DIY Shade Cloth For Your Garden Plants

Most garden plants don't thrive in extreme heat and benefit from some shade, so check out these easy, low-cost ways to make a DIY shade cloth for your plants.

by Rachel Porter
PHOTO: images by Rachel Porter

When temperatures exceed 90 degrees F, plants get stressed—even warm-season crops. Once heats set in, flower production reduces, buds shrivel up and the plant spends its energy on survival rather than production. During a heat wave, shade cloths have proven to increase water retention and improve air circulation among plants.

Providing your plants with shade is the most effective way to reduce stress. There are several options for doing this, ranging from very expensive to next to nothing. Shade cloths can be purchased from several websites and garden stores, and will perform well to protect your plants.

You can select the percentage of sun rays filtered through the cloth. Most vegetable gardeners choose a 30 to 40 percent cloth. These allow the sun’s rays and raindrops to still reach the plant to continue its growth.

DIY a Low-Cost Solution

You can also find also several quick and free resources around your house. If you only need to shade a few days at a time, a DIY option may be a great choice that will save you money.

First, you need to understand that every shade cloth system needs posts, cloth and clips. Here are some common items you may already have in your possession to use:

  • Posts: plant poles, T-posts, fence posts, fencing, bamboo sticks, PVC pipes, branches/limbs, tomato stakes, hula hoops (cut in half)
  • Shades: umbrellas, white sheets, mesh fabric, tulle, burlap, curtains (everything from sheer  to blackout could work), bug netting
  • Clips: clothespins, twist ties, chip clips, binder clips, zip ties, twine, metal clips, staples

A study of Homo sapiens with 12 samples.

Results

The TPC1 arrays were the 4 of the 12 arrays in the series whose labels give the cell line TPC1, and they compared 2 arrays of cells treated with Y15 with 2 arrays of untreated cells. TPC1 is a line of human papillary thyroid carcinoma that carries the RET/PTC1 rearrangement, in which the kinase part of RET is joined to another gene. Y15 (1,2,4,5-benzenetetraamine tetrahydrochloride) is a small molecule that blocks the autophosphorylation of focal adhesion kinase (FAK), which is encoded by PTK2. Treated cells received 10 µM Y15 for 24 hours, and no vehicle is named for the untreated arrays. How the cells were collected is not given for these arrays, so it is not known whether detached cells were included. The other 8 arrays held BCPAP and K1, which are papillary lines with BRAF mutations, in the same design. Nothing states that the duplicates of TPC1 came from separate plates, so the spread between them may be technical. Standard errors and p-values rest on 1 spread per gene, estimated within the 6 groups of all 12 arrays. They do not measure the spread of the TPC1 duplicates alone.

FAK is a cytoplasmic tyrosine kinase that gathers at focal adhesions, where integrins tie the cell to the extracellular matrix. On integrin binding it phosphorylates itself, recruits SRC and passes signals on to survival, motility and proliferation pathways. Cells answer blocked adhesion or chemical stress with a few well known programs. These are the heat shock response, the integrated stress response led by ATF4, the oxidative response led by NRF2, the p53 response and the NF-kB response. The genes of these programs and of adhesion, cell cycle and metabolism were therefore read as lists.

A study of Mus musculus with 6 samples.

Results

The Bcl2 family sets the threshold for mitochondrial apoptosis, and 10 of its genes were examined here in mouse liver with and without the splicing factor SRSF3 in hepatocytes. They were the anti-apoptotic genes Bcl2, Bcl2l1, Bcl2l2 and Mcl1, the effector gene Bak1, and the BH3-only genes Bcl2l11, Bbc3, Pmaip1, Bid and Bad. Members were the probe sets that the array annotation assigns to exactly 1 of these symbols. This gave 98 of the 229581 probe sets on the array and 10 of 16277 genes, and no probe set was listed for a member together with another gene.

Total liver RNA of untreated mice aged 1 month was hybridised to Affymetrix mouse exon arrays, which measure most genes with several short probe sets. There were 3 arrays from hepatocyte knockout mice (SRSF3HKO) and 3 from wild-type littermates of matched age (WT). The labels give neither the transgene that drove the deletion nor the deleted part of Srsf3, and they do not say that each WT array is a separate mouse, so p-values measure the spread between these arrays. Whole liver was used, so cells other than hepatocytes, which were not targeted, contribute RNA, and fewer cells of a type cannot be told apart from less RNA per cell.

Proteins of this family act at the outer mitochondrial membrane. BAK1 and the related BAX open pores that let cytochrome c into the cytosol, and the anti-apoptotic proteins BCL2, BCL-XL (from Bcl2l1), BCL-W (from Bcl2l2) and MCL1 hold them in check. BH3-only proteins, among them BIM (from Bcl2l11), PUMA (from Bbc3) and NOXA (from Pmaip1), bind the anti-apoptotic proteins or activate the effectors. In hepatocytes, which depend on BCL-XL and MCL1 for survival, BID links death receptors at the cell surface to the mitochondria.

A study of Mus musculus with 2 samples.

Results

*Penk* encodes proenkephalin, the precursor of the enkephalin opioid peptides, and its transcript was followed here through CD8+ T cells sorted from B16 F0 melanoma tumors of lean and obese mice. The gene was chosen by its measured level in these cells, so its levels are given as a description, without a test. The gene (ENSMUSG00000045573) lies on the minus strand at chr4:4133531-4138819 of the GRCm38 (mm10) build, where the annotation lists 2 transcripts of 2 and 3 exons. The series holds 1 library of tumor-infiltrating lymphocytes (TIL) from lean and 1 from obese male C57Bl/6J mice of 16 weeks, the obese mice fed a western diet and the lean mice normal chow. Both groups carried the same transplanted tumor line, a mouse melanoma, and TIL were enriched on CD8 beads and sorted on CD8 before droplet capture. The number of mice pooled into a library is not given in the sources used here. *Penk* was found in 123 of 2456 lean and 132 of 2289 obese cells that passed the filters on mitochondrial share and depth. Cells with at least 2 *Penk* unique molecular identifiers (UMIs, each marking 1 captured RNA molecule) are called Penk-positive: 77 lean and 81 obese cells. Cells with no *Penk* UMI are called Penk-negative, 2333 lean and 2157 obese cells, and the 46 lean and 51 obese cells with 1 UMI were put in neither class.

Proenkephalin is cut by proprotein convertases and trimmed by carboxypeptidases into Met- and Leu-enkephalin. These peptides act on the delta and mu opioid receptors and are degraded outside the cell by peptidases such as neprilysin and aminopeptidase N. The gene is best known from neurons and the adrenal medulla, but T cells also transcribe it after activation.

shade cloth plants


Should you use light or dark colored shades? According to All About Gardening, it depends, but either will probably work:

Lighter-colored shade cloth can cause rays of light to refract, redirecting some of the light away from our plants. Darker-colored shade cloth simply prevents the sun’s light from fully reaching the plants by absorbing the light. In both cases, it reduces the sunlight that’s directly reaching the plants—and for some species, particularly shade-loving plants, a denser shade cloth can be the only way to grow those plants at certain times of year.”

shade cloth plants

Make Your Own Shade Cloth

To make your own shade cloth, follow these steps for assembly:

  1. Measure all posts to make sure they are the same size and will be tall enough to keep the cloth off of the plants. 
  2. Hammer down the posts.
  3. Measure the cloth to reach the posts. Consider if you need to tactfully drape one side depending on the evening sun.
  4. Staple or clip the cloth into place on the posts.
  5. Observe that the shade is correctly placed to create shade at various times in the day.

When installing your shade cloth, keep these things in mind:

  • The cloth needs to hover above the plant. If it touches or smothers the plant, that increases heat.
  • Be aware of the wind. Gusts of wind will come under the cloth and try to lift it, so secure all loose areas.
  • Continue to water plants under the shade cloth. Check the soil once or twice a day to make sure it is not getting too dry.
  • All plants need sunlight to grow. Don’t overpower your shade cloth by blocking too much sun or leaving it on the plants during rainy, cloudy days.
  • Heat-tolerant plants thrive in 80 to 90 degrees and really shouldn’t be covered until temps reach 95 or higher.